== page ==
Ronnie Baker Brooks, son of blues great Lonnie Brooks, releases his "Times Have Changed", first album in 10 years on Provogue on January 20, 2017. In early 2013 Ronnie Baker Brooks traveled to the late Willie Mitchell's fabled Royal Studios in Memphis. There he recorded a clutch of new songs with producer/drummer Steve Jordan (Eric Clapton, Keith Richards, Robert Cray), the Memphis Horns, and the mighty Hi Rhythm section. The sessions also featured performances by musical friends like Angie Stone, Al Kapone, Big Head Todd and the legendary Bobby “Blue” Bland.
Blondes Have More Fun is Rod Stewart's ninth album, released in November 1978. As was the popular musical trend at the time, it is Stewart's foray into disco music, which although commercially successful, was critically panned. The lead single "Da Ya Think I'm Sexy" became one of Stewart's biggest hits, peaking at No.1 in both the UK and US. The album has sold more than 14 million copies worldwide. The album itself peaked at No.3 in the UK, being certified platinum by Christmas and was a No.1 hit in the US, where it went double platinum. It also charted within the top ten in a host of other countries.
Acclaimed a cappella ensemble Straight No Chaser's cheekily titled 2016 effort I'll Have Another…Christmas Album is the group's third full-length holiday album since their 2008 debut, Holiday Spirits. Recorded at their original home of Indiana University in Bloomington, Indiana, the album features a handful of beloved Christmas carols and holiday standards including "Do You Hear What I Hear?," "Joy to the World," and "Have Yourself a Merry Little Christmas." As with previous albums, Straight No Chaser also apply their sophisticated harmonies to several contemporary pop classics like…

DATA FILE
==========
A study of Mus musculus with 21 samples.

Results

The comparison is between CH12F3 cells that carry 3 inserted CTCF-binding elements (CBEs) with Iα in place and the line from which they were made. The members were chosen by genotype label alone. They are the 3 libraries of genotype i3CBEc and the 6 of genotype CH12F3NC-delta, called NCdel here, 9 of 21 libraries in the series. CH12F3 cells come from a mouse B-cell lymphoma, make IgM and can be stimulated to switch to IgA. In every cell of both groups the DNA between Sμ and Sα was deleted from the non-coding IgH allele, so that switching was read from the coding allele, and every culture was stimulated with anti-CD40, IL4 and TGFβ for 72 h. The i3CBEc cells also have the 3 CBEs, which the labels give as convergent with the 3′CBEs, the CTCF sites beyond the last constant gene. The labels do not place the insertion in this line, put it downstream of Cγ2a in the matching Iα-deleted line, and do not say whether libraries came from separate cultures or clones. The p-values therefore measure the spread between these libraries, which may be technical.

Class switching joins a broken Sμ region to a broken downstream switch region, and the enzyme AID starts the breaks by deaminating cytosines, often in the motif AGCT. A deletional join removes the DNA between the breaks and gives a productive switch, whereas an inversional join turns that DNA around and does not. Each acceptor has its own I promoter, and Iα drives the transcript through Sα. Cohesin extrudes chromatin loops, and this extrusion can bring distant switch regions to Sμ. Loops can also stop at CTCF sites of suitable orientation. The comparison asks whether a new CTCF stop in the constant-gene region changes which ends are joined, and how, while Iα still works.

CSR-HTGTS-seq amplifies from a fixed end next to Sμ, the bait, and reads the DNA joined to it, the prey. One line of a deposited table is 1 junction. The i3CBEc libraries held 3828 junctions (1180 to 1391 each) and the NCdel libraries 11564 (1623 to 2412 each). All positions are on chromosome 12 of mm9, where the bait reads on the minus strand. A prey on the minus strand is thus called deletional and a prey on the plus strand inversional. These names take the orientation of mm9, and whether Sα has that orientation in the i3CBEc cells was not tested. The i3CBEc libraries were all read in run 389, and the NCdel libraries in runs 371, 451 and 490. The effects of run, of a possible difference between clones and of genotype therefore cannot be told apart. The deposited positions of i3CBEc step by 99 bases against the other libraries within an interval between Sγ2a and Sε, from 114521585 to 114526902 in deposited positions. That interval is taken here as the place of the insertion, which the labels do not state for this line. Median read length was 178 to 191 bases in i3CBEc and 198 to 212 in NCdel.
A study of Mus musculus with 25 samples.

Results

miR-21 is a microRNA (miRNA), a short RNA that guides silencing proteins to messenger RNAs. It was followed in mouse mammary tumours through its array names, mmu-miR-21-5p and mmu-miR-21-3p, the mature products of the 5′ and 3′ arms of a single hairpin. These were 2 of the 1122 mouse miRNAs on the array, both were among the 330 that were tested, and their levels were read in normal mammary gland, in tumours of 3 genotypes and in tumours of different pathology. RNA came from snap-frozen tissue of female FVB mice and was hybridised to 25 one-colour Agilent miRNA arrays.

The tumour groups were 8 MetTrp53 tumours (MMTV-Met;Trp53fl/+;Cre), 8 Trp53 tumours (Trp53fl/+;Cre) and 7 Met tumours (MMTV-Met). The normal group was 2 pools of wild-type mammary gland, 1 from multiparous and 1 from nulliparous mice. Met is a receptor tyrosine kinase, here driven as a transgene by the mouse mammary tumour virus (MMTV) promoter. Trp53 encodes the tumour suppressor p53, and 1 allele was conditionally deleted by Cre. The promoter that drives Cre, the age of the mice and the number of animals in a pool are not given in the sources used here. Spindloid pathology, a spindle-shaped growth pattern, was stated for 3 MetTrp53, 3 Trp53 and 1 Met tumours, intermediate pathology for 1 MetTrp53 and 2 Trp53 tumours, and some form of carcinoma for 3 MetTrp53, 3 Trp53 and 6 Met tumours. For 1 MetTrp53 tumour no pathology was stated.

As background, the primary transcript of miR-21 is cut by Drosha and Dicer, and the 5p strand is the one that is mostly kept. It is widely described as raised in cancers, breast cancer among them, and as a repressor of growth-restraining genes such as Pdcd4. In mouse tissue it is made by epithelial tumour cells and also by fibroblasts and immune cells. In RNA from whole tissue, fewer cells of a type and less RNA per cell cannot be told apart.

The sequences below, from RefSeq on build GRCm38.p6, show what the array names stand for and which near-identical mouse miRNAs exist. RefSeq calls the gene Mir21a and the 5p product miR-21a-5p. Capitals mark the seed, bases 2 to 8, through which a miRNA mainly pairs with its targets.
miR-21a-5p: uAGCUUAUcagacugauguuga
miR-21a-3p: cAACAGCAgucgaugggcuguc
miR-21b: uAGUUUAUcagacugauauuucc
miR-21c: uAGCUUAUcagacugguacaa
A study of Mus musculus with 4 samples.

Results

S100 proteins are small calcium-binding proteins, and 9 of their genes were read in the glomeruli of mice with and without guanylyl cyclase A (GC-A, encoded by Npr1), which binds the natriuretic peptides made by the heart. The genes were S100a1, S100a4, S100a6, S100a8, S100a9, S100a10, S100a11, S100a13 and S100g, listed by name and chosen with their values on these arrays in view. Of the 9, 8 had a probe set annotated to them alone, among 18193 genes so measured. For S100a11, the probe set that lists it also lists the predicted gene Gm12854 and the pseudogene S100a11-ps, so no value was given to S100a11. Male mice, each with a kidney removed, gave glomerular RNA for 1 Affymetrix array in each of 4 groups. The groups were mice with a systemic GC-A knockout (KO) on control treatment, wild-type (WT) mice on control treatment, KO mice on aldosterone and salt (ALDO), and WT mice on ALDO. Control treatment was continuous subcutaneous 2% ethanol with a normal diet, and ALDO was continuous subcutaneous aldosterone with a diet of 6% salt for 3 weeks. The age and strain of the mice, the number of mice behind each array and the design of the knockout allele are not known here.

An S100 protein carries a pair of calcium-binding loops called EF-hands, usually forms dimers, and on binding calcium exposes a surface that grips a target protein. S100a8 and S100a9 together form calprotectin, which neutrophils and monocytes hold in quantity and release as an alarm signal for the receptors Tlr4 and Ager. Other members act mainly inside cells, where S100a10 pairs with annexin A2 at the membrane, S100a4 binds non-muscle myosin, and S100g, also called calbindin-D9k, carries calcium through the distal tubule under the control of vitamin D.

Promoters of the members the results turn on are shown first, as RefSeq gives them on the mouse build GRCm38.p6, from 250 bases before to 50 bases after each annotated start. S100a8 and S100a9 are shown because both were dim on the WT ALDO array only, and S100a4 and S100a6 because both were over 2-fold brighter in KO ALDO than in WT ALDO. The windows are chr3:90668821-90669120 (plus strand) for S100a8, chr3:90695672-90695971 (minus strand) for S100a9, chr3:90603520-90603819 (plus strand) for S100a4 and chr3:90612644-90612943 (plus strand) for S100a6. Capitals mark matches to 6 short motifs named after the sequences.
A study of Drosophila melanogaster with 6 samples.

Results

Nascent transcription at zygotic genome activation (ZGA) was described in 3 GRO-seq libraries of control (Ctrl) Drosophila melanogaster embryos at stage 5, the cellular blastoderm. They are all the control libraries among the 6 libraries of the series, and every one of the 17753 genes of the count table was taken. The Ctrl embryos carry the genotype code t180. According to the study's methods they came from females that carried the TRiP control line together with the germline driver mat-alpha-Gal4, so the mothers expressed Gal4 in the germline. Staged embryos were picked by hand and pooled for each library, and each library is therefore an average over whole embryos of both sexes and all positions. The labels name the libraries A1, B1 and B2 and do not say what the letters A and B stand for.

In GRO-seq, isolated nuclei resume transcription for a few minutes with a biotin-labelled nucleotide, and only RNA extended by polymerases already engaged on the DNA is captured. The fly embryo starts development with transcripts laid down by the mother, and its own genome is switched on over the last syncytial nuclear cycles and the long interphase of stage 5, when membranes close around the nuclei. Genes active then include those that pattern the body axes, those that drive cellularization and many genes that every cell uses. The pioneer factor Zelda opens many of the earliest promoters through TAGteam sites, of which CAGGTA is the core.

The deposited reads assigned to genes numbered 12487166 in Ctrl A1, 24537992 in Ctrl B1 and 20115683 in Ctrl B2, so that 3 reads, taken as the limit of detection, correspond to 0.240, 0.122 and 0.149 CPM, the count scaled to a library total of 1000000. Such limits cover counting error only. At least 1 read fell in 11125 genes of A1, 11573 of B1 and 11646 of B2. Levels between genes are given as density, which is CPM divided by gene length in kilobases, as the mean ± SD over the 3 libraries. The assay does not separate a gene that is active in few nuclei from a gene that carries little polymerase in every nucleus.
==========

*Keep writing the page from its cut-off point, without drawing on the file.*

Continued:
John Hammond's latest album marks a major departure in one respect – for the first time in anyone's memory, he sings, but plays nothing on one of his records, while Little Charlie & the Nightcats, led by guitarist Charlie Baty, handle the guitars and everything else. The difference is very subtle, the playing maybe a little less flashy than Hammond's already restrained work – think of how good Muddy Waters sounded on the early-'60s records where he sang and didn't play. And that comparison is an apt one – even more than 35 years after he started, Hammond inevitably ends up sounding like its 1961 and he's working at Chess studios in Chicago, cutting songs between Muddy Waters sessions. Harpist Rick Estrin also contributes a smooth and eminently enjoyable original amid a brace of covers of blues standards. There is not a weak number here, and this band is a kick to listen to, sounding more naturally authentic than anybody in the 1990's has a right to (Baty's quiet pyrotechnics on "Lookin' for Trouble" would make this record worth owning, even if Hammond's singing and the rest of the songs weren't as good as they are).